The Scriptorium

Friend and Foes

We should expect opposition, and make friends. 2 Timothy 1.15-18

The Pastoral Epistles: 2 Timothy 1 (6)

Pray Psalm 71.4-6.

Deliver me, O my God, out of the hand of the wicked,
Out of the hand of the unrighteous and cruel man.
For You are my hope, O Lord G
You are my trust from my youth.
By You I have been upheld from birth;
You are He who took me out of my mother’s womb.
My praise shall be continually of You.

Read and meditate on 2 Timothy 1.15-18.


1. How did Onesiphorus show that he was Paul’s friend?

2. Why would anyone turn away from Paul? 

They turned away from Jesus. They turned away from Paul. They turned away from John and Peter. And they will turn away from you.

As Christians, we must not suppose that everyone will like us, or agree with us, or speak kindly to or about us. Many will not. Some will oppose us actively, or even spread false rumors about us, as some did about Paul. But we must not be dismayed or cowed by such opposition. When we’re opposed or forsaken because of the Gospel, we should rejoice, like the apostles did, at the privilege of sharing in Jesus’ sufferings (cf. Acts 5.40, 41).

It’s good to have Christian friends we can count on, who will stand with us when others turn against us, to refresh our souls by their encouragement. Paul was grateful for Onesiphorus and the friendship he had shown Paul. When he was in Rome, he looked for Paul until he found him, and ministered to him in his chains, just as he had done among the believers in Ephesus (v. 18 – to me is only in a few Greek manuscripts, and likely should be left out). Paul wanted Timothy – who was Onesiphorus’ pastor – to know about this, perhaps because he understood that Timothy might need such a friend as this man.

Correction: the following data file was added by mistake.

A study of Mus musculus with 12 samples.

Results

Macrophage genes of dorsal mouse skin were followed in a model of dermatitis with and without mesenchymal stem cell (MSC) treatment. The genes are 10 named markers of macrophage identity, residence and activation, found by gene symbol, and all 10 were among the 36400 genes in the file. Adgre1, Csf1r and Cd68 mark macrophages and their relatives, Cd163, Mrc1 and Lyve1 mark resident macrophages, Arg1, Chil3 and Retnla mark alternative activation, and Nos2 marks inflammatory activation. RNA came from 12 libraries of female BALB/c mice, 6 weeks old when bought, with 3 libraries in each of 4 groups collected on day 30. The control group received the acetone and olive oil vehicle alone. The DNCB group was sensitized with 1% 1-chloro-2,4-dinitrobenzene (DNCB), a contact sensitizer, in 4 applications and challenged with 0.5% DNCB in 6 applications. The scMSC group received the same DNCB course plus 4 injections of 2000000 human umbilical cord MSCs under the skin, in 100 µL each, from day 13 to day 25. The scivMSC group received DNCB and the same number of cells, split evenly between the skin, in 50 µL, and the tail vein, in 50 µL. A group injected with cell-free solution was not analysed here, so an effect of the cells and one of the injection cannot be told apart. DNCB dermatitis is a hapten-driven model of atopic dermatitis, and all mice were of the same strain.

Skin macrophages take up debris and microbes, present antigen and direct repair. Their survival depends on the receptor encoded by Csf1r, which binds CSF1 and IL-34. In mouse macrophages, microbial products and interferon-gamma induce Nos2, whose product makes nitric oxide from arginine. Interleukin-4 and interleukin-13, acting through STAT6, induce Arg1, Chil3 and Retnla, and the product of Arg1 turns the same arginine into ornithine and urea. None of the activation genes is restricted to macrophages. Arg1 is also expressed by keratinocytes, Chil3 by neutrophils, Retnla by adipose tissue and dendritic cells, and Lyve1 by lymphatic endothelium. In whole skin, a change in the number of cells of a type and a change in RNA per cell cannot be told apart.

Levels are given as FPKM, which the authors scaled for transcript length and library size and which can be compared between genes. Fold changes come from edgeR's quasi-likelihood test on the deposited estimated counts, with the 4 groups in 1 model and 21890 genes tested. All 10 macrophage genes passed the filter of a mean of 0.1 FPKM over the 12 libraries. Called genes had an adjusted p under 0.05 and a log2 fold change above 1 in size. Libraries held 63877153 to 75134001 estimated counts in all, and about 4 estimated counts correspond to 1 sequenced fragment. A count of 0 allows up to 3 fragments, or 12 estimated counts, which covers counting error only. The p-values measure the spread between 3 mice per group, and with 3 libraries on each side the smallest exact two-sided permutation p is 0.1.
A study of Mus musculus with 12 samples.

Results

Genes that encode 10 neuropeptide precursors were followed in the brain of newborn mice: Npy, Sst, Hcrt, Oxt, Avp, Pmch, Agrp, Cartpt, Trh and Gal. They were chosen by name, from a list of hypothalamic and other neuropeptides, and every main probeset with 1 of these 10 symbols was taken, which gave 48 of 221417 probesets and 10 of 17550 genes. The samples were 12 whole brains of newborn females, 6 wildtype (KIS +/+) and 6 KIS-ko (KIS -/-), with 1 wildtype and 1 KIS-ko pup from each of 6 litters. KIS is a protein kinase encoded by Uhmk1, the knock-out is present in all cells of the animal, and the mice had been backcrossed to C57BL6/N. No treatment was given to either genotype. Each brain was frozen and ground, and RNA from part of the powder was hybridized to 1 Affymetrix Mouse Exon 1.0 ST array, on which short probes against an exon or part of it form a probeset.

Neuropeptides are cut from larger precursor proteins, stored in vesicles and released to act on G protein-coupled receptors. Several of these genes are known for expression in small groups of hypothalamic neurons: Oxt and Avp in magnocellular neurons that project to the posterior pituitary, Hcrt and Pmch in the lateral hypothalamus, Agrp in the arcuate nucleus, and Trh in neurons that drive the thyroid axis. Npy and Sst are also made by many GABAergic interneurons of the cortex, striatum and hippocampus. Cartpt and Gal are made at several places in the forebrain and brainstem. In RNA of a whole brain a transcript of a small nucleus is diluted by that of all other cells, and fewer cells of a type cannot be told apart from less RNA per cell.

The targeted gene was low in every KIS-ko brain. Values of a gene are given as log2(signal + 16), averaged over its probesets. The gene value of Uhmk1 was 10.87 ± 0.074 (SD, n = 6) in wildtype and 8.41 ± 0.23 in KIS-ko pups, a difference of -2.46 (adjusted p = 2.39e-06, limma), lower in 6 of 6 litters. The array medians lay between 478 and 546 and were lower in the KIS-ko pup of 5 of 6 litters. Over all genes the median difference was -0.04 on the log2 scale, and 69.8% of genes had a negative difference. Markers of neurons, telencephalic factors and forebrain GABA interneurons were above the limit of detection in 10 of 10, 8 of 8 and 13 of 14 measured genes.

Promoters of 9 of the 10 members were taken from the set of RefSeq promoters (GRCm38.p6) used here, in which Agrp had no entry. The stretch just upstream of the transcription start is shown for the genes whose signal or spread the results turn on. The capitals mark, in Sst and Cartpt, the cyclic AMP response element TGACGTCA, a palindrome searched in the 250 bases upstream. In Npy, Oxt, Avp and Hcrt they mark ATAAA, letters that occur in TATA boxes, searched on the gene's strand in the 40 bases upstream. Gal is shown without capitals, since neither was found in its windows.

Who will find in you a friend like that today? Remember, every believer has foes who wish us ill, especially spiritual forces of wickedness in high places. We all need friends in the faith, true friends who understand our struggles, will come alongside us to encourage and assist, and who are seeking nothing for themselves, but only that the grace and mercy of Jesus might abound to us.

We need friends like this, and our Christian friends need such friendship from us.

1. Why do some people turn away from the Gospel and those who believe it? How should we respond when people turn away from us because of Jesus?

2. How do friends refresh one another in the Lord? Why is it important that we do this? 

3. Friends go looking for ways to refresh their friends. Who does that for you? For whom are you such a friend?

Such ought the faithful to be—like Onesiphorus. Neither fear nor threats nor disgrace should deter them from assisting one another, standing by them and succoring them as in war. For they do not so much benefit those who are in danger, as themselves, by the service they render to them, making themselves partakers of the crowns due to them. John Chrysostom (344-407), Homilies on 2 Timothy 3

Lord, I pray for the believers I will see today, that… And I pray for myself, that I may be a true friend to them by…

Pray Psalm 71.1-6.

Spiritual foes will seek to rob you of the joy of your salvation today. Seek the Lord’s strength to help you overcome them. Ask Him to show you a friend you can encourage in the faith today.

Sing Psalm 71.1-6.
Psalm 71.1-6 (Solid Rock: My Hope Is Built on Nothing Less)
In You, O Lord, I refuge claim; O let me never be ashamed. 
In righteousness deliver me; incline Your ear and hear my plea. 
Refrain v. 3
A Rock of habitation be; command Your Word to rescue me.
My Rock and Fortress ever be! 

From wicked hands redeem me, Lord, from all who wrest and break Your Word. 
My hope, my confidence from youth, my praise forever reaches You. 

T. M. Moore

Whatever our calling in life, we are sent to bring the joy of Christ to the people around us. Our book, Joy to Your World!, can show you how to fill your Personal Mission Field with more of the Presence, promise, and power of Christ and His Kingdom. Order your copy, as a supplement to our study of 1 Timothy, by 
clicking here.


T.M. Moore

T. M. Moore is principal of The Fellowship of Ailbe, a spiritual fellowship in the Celtic Christian tradition. He and his wife, Susie, make their home in Essex Junction, VT.